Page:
Admission to Degree Program
Candidates for all teacher preparation programs are required to complete an application that includes core criteria for each program.
Mathematics is the discipline through which we make sense of the order, patterns, and quantitative situations we perceive in the world around us. The foundational skills of this discipline—the abilities to formulate, focus, and solve problems; to articulate, test, and justify conjectures; to communicate one's reasoning about quantities and the relationships between them; and to see connections between different mathematical ideas and real-world contexts—are highly valued in society and are characteristics of any educated person. Mathematics is not only a body of knowledge but also a process of analysis, reasoning, comparison, deduction, generalization, and problem solving.
Mathematics educators depend heavily upon their own understanding of mathematics in order to identify and articulate the mathematical ideas they want students to learn, to assess which concepts their students already understand that might serve as a foundation for learning, and to develop activities that help students develop rich understandings. They also use their understanding of the nature of the discipline to structure a culture of inquiry, reasoning, and problem solving in their classrooms.
Courses in the undergraduate program are designed to help prospective teachers plan, manage, and implement classroom activities that facilitate students' learning of mathematics. Specific program goals include (1) mastery of the foundational skills of mathematics, (2) deep reflection on mathematics learning at all levels through observation of and participation in high-quality classroom practice, (3) increased autonomy and confidence as an investigator, active learner, and productive thinker, and (4) extended field experience, informed by the best current understanding.
Program faculty include educational and mathematical researchers, specialists in both preservice and inservice teacher education, and school practitioners, spanning a broad range of interest and experience.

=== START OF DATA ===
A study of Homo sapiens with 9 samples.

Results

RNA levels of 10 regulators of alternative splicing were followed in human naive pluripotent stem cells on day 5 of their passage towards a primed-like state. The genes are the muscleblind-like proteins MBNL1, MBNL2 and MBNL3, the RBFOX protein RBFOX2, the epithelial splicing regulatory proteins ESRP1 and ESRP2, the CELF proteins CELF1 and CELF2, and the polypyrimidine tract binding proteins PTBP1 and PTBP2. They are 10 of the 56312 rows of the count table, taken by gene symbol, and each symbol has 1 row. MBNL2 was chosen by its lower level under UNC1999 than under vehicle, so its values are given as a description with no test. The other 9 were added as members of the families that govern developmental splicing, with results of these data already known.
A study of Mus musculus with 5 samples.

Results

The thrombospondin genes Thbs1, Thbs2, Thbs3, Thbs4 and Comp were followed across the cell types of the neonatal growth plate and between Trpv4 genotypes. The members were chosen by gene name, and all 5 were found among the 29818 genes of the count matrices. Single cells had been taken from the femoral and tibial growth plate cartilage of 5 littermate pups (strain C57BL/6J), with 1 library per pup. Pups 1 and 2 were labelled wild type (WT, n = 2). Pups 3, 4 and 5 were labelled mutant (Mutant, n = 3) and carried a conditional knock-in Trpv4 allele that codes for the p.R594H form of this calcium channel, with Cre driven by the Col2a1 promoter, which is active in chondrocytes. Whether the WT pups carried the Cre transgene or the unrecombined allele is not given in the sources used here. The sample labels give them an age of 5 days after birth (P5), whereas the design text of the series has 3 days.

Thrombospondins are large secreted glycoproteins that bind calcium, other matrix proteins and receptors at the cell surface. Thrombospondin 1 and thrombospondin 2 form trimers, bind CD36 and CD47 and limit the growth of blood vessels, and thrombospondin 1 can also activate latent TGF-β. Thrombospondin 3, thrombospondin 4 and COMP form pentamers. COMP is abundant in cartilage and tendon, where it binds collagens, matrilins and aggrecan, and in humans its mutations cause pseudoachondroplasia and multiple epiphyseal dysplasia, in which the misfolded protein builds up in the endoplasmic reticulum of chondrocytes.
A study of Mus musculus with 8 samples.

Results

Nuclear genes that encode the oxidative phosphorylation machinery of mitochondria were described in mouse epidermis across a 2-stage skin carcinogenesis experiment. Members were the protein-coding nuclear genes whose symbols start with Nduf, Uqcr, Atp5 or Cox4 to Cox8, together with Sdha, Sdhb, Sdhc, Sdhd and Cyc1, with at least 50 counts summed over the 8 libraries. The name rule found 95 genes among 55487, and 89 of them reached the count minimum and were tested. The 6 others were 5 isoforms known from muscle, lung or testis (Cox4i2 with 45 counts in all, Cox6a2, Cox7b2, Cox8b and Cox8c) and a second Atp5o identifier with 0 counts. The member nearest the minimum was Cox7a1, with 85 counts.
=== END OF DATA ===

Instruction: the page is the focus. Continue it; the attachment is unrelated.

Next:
Majors in mathematics education prepare for careers in teaching at the middle school and junior and high school levels or for graduate studies in the field.
It is recommended that a student complete the following courses in high school:
- 4 units of English.
- 1 unit of physics or chemistry.
- 4 units of mathematics, including 2.5 units of algebra, 1 unit of geometry, and .5 unit of trigonometry. This qualifies a student to begin college mathematics with Math 112 (honors section). If calculus is available in high school, a student planning to major in mathematics education is strongly encouraged to take it; doing so requires completing one of the preceding algebra units before high school.
- Advanced Placement (AP) credit is available in mathematics as follows:
- A score of 3 on the calculus AB exam gives credit in Math 110 and 111; a score of 4 or 5 on the calculus AB exam gives credit in Math 110 and 112.
- A score of 3, 4, or 5 on the calculus BC exam gives credit in Math 112 and 113.
- An AP student without credit in Math 112 must begin with Math 112 (honors section); an AP student without credit in Math 113 must begin with Math 112 or 113 (honors sections).
- AP students with credit in Math 113 are urged to begin with Math 113 (honors section) anyway, unless they scored 5 on the calculus BC exam.
- AP students should direct Educational Testing Service (ETS) to report scores to BYU to have credit posted.
Questions regarding placement should be directed to the Mathematics Education Department, 167 TMCB.